Four days later, the lefty makes his major league debut. A little over four months later, Rincon is part of a combined no-hitter with countryman Francisco Cordova.
Today Latin American prospects don't last to 17 let alone 27. And they certainly don't head straight to the big leagues. But this story is just getting started.
for bullpen help, and the Pirates were looking to build an exciting offense as they got ready to enter a new ballpark in 2001. Rincon was viewed as a potential setup man by the Indians, while the Pirates had lefty Jason Christiansen ready to take Rincon's place in their own pen. The Pirates were pursing B.J. Surhoff, and probably envisioned a power hitting tandem in the middle of their lineup. It was a win-win for both sides at the time.
Giles developed into a marquee player for the Bucs and one of the best players in the game, though his numbers flew under the radar on some terrible Pirates teams.
Flash forward to 2003, and the Padres are in a similar situation to the 1999 Pirates. Preparing to open a new ballpark, they're looking for some name value. And apparently when you want to put butts in seats, Brian Giles is your guy. Original negotiations had Giles, a San Diego native, and Jason Kendall heading to the Padres for a package headlined by Xavier Nady and Oliver Perez (don't worry, much like the Mounties, Dave Littlefield always gets his man), but wind up being just Giles for Perez, Jason Bay, and a PTBNL. The Pirates were in the midst of shedding salary like they were the 2018 Marlins due to some poor bookkeeping that put them in violation of allowed debt ratios.
Yet again, the Bucs would strike gold. At least for a little while. Jason Bay won the 2004 Rookie of the Year award, while Oliver Perez looked like a potential ace. Throwing mid 90's heat as a lefty, Perez 239 K's with a 2.98 ERA in 2004 at the ripe age of 22
But the more exciting story is with Bay, who would develop into a perennial all-star and a fixture in the middle of the Pirates lineup.
In a trade deadline shocker, Bay was traded to the Red Sox seemingly out of nowhere in 2008. He still had a year and a half left on his contract. Pirates GM Neal Huntington was in his first full year as GM, and basically got taken by more experienced executives as the vehicle to get the Manny Ramirez show out of Boston and into Hollywood.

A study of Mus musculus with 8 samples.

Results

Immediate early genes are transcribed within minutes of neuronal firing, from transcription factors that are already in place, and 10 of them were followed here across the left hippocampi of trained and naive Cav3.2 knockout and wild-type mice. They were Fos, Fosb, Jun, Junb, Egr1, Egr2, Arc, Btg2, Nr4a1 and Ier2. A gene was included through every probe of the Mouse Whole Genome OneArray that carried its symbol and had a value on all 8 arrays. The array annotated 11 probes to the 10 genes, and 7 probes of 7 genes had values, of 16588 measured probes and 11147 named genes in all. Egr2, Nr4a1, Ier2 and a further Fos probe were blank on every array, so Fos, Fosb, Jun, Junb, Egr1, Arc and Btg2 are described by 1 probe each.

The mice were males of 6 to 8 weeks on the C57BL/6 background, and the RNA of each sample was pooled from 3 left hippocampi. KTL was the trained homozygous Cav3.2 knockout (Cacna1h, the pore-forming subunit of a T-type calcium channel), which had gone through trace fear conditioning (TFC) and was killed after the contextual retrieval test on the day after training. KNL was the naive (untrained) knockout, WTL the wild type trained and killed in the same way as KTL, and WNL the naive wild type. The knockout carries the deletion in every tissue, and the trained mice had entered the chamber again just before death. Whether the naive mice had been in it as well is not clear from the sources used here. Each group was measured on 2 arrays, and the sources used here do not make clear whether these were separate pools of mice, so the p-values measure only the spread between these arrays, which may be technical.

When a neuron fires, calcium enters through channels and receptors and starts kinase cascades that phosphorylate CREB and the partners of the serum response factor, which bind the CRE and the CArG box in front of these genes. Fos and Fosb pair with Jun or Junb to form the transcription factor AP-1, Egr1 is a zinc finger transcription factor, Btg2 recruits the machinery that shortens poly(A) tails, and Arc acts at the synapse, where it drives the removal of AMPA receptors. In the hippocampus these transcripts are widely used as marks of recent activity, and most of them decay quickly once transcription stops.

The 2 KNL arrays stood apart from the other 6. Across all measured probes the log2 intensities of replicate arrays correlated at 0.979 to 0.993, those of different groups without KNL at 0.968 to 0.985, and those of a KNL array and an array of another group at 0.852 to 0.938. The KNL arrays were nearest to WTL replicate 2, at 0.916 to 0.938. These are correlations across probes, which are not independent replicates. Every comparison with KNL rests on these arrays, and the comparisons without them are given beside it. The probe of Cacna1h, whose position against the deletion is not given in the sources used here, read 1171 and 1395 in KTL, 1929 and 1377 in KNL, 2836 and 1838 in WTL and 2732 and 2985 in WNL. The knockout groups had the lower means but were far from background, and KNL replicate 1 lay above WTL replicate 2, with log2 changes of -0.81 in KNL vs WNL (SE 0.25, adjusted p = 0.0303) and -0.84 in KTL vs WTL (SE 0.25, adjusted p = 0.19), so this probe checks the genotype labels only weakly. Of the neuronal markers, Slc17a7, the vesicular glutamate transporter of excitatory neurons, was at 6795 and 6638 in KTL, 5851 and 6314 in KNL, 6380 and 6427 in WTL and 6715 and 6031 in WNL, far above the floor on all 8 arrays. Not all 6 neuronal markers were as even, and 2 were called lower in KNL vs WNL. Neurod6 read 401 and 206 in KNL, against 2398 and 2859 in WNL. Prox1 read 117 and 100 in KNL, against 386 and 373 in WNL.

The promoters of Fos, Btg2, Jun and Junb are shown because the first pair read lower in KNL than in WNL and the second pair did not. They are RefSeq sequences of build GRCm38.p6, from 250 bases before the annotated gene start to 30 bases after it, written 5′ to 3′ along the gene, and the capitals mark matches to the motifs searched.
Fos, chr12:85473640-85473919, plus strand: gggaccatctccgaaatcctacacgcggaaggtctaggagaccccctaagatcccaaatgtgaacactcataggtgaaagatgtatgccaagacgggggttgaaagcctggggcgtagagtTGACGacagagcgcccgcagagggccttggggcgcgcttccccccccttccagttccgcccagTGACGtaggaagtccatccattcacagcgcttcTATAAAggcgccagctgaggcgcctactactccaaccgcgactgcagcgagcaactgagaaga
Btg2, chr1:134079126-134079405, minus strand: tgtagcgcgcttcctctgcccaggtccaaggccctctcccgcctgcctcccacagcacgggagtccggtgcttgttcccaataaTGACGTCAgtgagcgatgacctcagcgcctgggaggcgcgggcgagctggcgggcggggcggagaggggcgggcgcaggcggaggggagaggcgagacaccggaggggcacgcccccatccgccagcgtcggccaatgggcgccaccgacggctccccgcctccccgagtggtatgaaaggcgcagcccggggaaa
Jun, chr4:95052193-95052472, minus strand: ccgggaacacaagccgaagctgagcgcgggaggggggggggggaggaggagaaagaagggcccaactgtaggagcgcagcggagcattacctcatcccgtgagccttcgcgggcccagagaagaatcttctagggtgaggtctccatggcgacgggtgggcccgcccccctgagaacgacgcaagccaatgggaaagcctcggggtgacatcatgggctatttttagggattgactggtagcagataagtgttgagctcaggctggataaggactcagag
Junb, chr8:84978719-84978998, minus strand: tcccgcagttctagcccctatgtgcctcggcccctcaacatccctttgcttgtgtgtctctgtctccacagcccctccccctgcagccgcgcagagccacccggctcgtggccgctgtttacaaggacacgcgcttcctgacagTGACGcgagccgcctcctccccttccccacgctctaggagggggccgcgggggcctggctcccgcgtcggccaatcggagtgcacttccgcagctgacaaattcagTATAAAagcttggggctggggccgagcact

The return? A basket of supposed near-MLB ready prospects - Boston contributing 2005 1st round pick reliever Craig Hansen and (eventual) power hitting outfielder Brandon Moss while the Dodgers kicked in 2006 1st rounder Bryan Morris and top prospect Andy LaRoche. Hansen, Moss, and LaRoche all flamed out amazingly fast with the Bucs given their pedigree.
Morris didn't develop as hoped, but made it to the majors as a reliever, putting up a 3.47 ERA with terrible peripherals for a 2013 playoff club.
But because this trade WIll.NOT.DIE, Morris was flipped to the Marlins early in the 2014 story for a newly-tradable Competative Balance draft pick.
That pick wound up being 39th overall pick Connor Joe, a college corner infielder with some pop who the Bucs were going to move to catcher. He hurt his back shortly after being drafted, which canceled those plans. The power never developed, and Joe had basically unanimously been labeled a bust. And that is really, truly where this should have ended. Joe spends another year or two in the Bucs system before leaving as a minor league free agent, and this twenty year odyssey comes to a close.
On August 5, 2017, the Pirates traded for former Buc Sean Rodriguez, a utility player making $5.7M in 2017 AND 2018 hitting .162 at the time of the trade. And the "return"? Connor Joe.
So here we go, folks. Will Sean Rodriguez bring a trade return this year, continuing this absurd adventure into its 4th decade? Or will he merely leave as a free agent after the season, letting the trade of Ricardo Rincon finally rest in peace?